What You Should Know About the Low FODMAP Diet
This past March, I began experiencing gastrointestinal symptoms in the midst of being stressed by the coronavirus pandemic and issues in my personal life. I found myself unable to eat a lot of meals due to stomach pain and when I was able to, eating aggravated my symptoms even more. I saw a gastroenterologist in May after it was clear I needed a more drastic plan to manage my stomach problems.
My gastroenterologist recommended I go on the low FODMAP diet, which led me to reexamine how different foods aggravated my gastrointestinal tract. High FODMAP foods contain carbohydrates that people like me may have trouble digesting. So removing these carbohydrates may lead to some relief from irritable bowel syndrome (IBS), which can include bloating, nausea, diarrhea and more.
Alex Ruani, doctoral researcher in Nutrition Science Education at University College London, and chief science educator at The Health Sciences Academy talked to The Mighty about the medical low FODMAP diet and you should know if you live with IBS or irritable bowel disease (IBD).
Ruani explained that doctors may recommend the low FODMAP diet to people with irritable bowel syndrome in the case that “IBS symptoms are triggered by one of these foods.” However, not all cases of IBS are triggered by foods high in FODMAP. The low FODMAP diet is not generally used to treat conditions like Crohn’s disease or ulcerative colitis, according to Ruani, especially during a flare. At other times, it can help some people with IBD reduce gas or bloating.
How Does It Work?
FODMAP stands for fermentable oligosaccharides, disaccharides, monosaccharides, and polyols. As aforementioned, people may have trouble dissolving high FODMAP foods in their gut. For people with IBS or IBD, finding which FODMAP carbohydrates you do not tolerate and eliminating them from your diet could help manage symptoms. People who are put on the diet start by eating foods that are low in FODMAP.
According to Monash University, here’s a breakdown of high versus low FODMAP foods and what you can substitute if your doctor recommends a low FODMAP diet:
After eliminating high amounts of FODMAP from your diet temporarily, you’ll then start to introduce food back to your diet. “A Low FODMAP diet is meant to be a short-term diet, not a lifestyle,” Ruani said. “The reason for [it being] short-term is that you want to find out your upper tolerable limit for each FODMAP group. You may be perfectly fine with, let’s say, lactose, but do poorly with […] chicory.”
I personally found after reintroducing high FODMAP foods from my diet that lactose triggers my IBS symptoms, as well as foods that contain fructose. I am able to eat gluten and am able to tolerate some foods which contain sugar alcohols.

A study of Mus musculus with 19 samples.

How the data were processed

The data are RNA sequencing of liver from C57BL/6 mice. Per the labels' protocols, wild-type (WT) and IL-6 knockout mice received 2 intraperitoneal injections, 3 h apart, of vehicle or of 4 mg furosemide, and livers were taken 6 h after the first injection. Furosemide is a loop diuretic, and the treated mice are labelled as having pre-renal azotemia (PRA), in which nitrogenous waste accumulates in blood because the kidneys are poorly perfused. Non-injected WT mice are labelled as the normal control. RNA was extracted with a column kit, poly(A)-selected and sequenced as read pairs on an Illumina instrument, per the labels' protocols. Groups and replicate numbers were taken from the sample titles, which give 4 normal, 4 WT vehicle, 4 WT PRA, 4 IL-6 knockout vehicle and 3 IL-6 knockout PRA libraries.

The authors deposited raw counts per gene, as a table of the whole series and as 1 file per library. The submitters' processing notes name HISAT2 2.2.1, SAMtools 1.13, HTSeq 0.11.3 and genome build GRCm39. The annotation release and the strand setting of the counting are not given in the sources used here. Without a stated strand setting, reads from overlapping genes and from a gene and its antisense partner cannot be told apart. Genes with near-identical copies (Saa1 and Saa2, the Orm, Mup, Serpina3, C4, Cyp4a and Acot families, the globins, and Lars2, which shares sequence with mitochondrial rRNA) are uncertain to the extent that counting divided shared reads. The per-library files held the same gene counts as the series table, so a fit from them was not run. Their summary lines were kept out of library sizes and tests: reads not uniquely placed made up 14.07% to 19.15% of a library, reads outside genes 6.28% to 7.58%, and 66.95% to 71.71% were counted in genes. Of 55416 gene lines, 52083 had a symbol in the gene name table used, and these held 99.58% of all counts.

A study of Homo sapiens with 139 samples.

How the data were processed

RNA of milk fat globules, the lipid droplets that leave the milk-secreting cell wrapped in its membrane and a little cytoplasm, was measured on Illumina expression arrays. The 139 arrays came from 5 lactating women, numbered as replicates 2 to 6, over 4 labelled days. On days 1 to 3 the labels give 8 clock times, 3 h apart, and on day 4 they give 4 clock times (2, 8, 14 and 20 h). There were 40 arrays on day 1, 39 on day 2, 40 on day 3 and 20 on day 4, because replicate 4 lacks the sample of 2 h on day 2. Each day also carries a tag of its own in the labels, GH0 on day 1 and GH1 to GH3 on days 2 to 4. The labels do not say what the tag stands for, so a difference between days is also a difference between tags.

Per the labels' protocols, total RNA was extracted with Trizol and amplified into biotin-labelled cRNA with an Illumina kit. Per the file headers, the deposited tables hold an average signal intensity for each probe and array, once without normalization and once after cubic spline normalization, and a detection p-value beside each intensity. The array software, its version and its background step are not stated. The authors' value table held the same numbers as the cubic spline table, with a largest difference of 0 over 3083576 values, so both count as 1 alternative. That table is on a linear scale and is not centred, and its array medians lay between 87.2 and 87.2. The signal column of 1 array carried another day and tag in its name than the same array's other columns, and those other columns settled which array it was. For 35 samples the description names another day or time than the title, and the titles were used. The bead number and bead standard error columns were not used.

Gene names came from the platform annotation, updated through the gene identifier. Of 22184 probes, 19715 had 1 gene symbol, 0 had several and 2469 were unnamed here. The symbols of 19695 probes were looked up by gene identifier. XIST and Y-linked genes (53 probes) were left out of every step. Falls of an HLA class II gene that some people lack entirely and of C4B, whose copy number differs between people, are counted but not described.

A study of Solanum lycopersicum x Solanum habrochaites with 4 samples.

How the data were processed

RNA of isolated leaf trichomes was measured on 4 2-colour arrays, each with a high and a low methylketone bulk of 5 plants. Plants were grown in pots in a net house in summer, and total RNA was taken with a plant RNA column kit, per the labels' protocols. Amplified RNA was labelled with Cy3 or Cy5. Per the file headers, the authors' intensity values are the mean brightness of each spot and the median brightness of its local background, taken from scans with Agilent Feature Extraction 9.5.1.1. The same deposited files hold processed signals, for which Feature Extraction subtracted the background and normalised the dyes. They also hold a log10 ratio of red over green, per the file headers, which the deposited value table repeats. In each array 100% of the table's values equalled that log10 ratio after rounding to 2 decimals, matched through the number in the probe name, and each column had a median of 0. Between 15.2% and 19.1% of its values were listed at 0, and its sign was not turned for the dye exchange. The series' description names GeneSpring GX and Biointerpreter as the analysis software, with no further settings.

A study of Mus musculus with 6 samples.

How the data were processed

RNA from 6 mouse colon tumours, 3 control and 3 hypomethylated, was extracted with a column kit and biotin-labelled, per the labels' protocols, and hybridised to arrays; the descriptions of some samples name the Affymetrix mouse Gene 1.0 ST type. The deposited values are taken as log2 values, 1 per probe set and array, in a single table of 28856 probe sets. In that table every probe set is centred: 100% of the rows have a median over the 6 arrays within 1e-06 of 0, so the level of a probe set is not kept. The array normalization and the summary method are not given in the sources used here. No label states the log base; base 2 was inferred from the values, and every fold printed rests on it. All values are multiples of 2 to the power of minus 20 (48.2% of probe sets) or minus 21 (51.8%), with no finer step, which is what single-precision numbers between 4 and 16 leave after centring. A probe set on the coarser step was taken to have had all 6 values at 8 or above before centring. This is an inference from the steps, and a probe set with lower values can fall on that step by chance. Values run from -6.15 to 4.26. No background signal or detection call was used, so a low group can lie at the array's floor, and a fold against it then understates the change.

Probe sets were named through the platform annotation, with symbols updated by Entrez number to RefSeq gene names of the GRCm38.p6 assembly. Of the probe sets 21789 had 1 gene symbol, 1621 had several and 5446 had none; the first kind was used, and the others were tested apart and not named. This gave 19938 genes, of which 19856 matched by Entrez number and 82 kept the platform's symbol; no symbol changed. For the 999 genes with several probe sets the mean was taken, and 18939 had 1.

Risks of a Low FODMAP Diet
The low FODMAP diet helps around 75% of people with IBS manage their symptoms, according to a 2016 study. As long as the diet is followed and managed according to best practices, Ruani said people may find their symptoms improve and they feel better. While the low FODMAP diet has been helpful to people like me, there are some drawbacks.
“Usually reducing FODMAPs are not the first when trying to address gut symptoms,” Ruani explained. “From a behavioral perspective, it is very restrictive and very hard to follow.”
People should also work with their doctors or nutritionists to ensure they are still receiving the right nutrients if they follow the low FODMAP diet. If you do not need a low FODMAP diet or do so improperly, Ruani said you may be taking an unneeded risk. For example, if you do not have an issue with lactose but cut it out of your diet, you may be “potentially reducing your calcium intake, or your probiotic intake, and all these other beneficial things that we’re now eliminating without replacing them properly.”
Pursuing the Low FODMAP Diet
Before starting the low FODMAP diet, Ruani recommended that people talk to their doctors to see if they have a tolerance or insensitivity to certain FODMAPs. “You may also ask your doctor before even trying the FODMAP diet ‘What medical tests do you think I need?'” Ruani said. “Maybe they will do different testing before even attempting to go to a restrictive diet like this one.”
Finding which foods are low or high FODMAP diet can be difficult — many different websites and blogs have conflicting information — which is why people should work with their doctor or gastroenterologist when pursuing a low FODMAP diet, and get a food list straight from them.
“The best list is the one that your doctor would suggest, because, usually, your gastroenterologist will keep up to date with the latest research. You cannot count on a blog written last year.”